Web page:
How the Honduras crisis boosts Venezuela's Chávez

President Hugo Chávez, an avowed socialist and critic of the United States, has emerged in the unlikely role as the leading champion of democracy for Honduras.

By , McClatchy Newspapers


Mr. Chávez, an avowed socialist and critic of the United States, has emerged in the unlikely role as the leading champion of democracy for Honduras, though he catapulted to fame as an army colonel by trying to overthrow Venezuela's democratically elected government in 1992. Chávez was first elected president in 1999, but he's been stripping Venezuelan elected opponents of their power recently.

"Chávez has been showing a great level of influence" in the Honduras crisis, former Bolivian President Jorge Quiroga said by telephone from La Paz. "He has been setting the tone for the international community; the OAS [Organization of American States] has been running at his rhythm and pace; and he has been milking this for all it's worth. It's been an incredible gift given to Chávez by the [Honduran] military."


Chávez choreographed the cinematic tour de force Sunday when Zelaya attempted to return to Honduras by flying to Tegucigalpa without permission from Honduras' de facto government while thousands of Zelaya's followers cheered him on and clashed with security forces.

Zelaya was traveling on a Venezuelan plane flown by Venezuelan pilots, and the drama was covered live throughout Latin America by Chávez's fledgling Telesur cable network, which had the only TV cameras aboard the plane. The runway blocked, the plane circled the Honduran capital and then landed in neighboring El Salvador.

"You have to admit that it's been quite a show," Mr. Quiroga added.

In steps Costa Rica's Oscar Arias

On Tuesday, for the first time in the crisis, Chávez became a bystander as the Obama administration played its most direct role so far in the standoff.

After meeting Zelaya in Washington, Secretary of State Hillary Clinton announced that Costa Rican President Oscar Arias – who won the 1987 Nobel Peace Prize for helping to broker an end to Central America's wars of the 1980s – would attempt to find a solution that's acceptable to both sides in Honduras.

Welcome distraction for Chávez

The crisis came at a time when Chávez could use the distraction. The fall in the price of oil has limited his ability to reward friends at home and abroad. His influence also has been declining in Latin America as he and his closest allies in Ecuador, Bolivia, Cuba, Nicaragua, Argentina, and Honduras have been suffering from political and economic troubles.

In contrast, the moderate leftist presidents of Brazil, Chile and Uruguay have remained popular even though the global economic crisis has battered their countries.

Chávez pulled Zelaya into his orbit

Recent events in Honduras would have been unimaginable when Zelaya was elected president nearly four years ago as a conservative, not surprising for a member of a wealthy ranching family.

Ever the provocateur, Chávez somehow pulled Zelaya into his orbit a couple of years ago. Honduras began receiving cut-rate fuel from oil-rich Venezuela and joined the Chávez-led "Bolivarian Alliance for the People of Our Americas."

The Honduran crisis began when Zelaya took a page out of Chávez's playbook by attempting to hold a public vote that would open the way for him to change the constitution and run for re-election later this year. The Honduran Supreme Court and the military said the vote was illegal, and troops hustled Zelaya out of the country.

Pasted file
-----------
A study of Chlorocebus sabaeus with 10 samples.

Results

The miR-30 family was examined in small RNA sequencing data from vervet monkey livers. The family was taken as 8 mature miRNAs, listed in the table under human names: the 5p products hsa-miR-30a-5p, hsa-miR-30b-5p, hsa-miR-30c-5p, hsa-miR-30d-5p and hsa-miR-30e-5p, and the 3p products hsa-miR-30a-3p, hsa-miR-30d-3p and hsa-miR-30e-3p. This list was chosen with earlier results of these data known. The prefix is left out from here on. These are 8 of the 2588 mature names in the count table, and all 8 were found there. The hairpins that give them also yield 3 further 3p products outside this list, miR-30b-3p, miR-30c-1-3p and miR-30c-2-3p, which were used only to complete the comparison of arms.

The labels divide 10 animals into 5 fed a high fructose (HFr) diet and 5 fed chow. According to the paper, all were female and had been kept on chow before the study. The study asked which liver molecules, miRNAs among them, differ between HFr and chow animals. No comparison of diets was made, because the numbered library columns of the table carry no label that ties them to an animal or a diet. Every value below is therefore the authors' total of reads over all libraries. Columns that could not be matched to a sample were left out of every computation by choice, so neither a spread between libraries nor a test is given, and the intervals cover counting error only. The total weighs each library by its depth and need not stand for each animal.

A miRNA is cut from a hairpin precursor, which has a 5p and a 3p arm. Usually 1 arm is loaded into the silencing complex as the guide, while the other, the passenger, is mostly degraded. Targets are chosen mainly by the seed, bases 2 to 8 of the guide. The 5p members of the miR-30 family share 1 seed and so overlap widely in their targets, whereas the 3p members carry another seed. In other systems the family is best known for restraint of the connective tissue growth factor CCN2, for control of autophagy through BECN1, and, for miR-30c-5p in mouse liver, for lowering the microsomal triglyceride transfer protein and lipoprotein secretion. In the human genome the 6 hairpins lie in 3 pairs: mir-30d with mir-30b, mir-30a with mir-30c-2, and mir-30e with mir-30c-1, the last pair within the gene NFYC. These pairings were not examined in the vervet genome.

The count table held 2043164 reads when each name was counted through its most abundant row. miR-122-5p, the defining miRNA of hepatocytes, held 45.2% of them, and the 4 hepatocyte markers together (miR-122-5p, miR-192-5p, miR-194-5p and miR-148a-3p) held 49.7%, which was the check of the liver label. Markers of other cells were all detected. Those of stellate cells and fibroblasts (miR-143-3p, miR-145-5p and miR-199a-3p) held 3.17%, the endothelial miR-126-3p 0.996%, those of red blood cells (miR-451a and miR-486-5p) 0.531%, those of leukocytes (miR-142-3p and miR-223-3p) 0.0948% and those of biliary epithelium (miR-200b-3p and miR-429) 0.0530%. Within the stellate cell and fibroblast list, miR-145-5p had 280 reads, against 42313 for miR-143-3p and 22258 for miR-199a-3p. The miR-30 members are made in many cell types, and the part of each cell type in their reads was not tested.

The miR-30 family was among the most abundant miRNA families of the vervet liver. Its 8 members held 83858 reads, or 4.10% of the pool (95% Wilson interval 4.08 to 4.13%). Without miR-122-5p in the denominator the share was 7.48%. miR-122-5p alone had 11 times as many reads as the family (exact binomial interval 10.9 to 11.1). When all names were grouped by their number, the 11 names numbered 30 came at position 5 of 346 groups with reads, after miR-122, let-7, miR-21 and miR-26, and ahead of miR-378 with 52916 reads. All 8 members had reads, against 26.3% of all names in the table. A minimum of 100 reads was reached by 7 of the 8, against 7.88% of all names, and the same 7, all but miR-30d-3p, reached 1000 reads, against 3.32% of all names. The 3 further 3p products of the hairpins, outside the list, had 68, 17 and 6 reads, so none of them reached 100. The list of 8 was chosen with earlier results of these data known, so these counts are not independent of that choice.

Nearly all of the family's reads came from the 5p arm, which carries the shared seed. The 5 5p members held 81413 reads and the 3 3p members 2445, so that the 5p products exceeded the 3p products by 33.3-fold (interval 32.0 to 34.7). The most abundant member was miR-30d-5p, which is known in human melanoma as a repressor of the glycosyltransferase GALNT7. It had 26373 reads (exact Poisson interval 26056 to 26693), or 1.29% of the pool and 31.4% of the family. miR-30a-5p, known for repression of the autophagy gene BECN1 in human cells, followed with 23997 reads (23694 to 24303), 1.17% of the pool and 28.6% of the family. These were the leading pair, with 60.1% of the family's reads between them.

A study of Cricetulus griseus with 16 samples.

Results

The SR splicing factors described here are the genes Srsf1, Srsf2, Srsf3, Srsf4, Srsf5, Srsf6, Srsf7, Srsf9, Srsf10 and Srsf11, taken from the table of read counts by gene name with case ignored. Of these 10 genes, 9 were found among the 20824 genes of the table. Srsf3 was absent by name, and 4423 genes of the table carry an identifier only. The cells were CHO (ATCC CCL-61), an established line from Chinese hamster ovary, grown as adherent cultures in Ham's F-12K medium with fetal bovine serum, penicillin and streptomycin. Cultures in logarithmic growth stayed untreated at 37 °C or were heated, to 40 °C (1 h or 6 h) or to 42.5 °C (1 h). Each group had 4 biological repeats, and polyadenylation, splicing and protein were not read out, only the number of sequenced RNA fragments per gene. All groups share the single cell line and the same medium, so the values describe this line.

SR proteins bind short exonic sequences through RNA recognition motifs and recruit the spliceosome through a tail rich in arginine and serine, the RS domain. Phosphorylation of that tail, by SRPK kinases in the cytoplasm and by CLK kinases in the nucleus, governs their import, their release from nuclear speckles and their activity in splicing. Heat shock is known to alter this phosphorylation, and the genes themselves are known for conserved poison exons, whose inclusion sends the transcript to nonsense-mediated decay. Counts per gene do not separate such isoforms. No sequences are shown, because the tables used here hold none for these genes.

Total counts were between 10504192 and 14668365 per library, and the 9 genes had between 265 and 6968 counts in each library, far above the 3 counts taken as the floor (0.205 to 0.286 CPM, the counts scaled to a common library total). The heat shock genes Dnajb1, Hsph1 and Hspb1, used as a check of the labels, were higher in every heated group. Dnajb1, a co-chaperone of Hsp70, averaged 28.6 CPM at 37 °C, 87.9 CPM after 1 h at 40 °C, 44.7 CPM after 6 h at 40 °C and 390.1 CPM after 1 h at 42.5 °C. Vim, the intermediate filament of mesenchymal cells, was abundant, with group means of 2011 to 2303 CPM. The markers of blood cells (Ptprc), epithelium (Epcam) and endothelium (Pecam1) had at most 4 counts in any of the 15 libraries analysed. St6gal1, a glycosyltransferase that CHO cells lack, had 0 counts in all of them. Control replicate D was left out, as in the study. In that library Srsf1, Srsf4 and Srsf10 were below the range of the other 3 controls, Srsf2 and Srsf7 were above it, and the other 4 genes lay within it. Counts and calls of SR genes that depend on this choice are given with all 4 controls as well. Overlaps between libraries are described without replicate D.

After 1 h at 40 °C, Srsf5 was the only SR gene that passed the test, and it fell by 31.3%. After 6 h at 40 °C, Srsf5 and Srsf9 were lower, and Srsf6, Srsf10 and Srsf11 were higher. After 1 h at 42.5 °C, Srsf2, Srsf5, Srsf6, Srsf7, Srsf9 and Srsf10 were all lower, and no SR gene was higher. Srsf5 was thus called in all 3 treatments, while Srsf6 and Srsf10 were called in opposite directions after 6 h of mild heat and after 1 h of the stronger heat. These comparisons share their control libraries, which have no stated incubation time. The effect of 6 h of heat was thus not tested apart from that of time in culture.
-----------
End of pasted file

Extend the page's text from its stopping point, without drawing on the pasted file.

Chávez denounced the coup in class terms.

'A warning for the oligarchs'

"If the oligarchs of this continent break the rules of the game, as they have in the past few days," Chávez said, "the people have the right to resist and fight back, and us with them. This is a warning for the oligarchs of this continent."

Chávez had reason to feel threatened, according to Álvaro Vargas-Llosa, a Peruvian analyst based in Washington at the Center on Global Prosperity, a research center that promotes free markets.

"We can judge from the way that he's reacted – he's been very nervous – that if the coup against Zelaya prevails, this could create a perception in Central America and beyond that Chávez is now facing a powerful counter-reaction, and that people are now willing to stand up to him," Vargas-Llosa said. "This could also embolden foes in Venezuela, including the military, to try to stop Chávez the next time he violates the law there."

An aim to split the OAS?

Eduardo Gamarra, a professor at Florida International University from Bolivia, said Chávez had orchestrated a split in the OAS.

"Chávez and his group want to bring back Zelaya at any cost," Gamarra said by telephone from Miami. "The other group – led by the United States and Brazil _ favors a more cautious approach."

The Obama administration's opposition to the coup seems to have flummoxed Chávez. During the Bush administration, Chávez typically rallied Latin American presidents when the US took a position at odds with their governments.

"Obama has undercut Chávez's ability to be a knight in shining armor and use the US as a foil," Robert Gelbard, a former US policymaker for Latin America, said by telephone from Washington.

An illustration of that came Sunday, when Chávez told Telesur that he blamed "the Yankee empire" – but not Obama – for the overthrow.

"I am not saying that they have the support of Obama because I believe he [Obama] is more like a prisoner of the empire," Chávez said.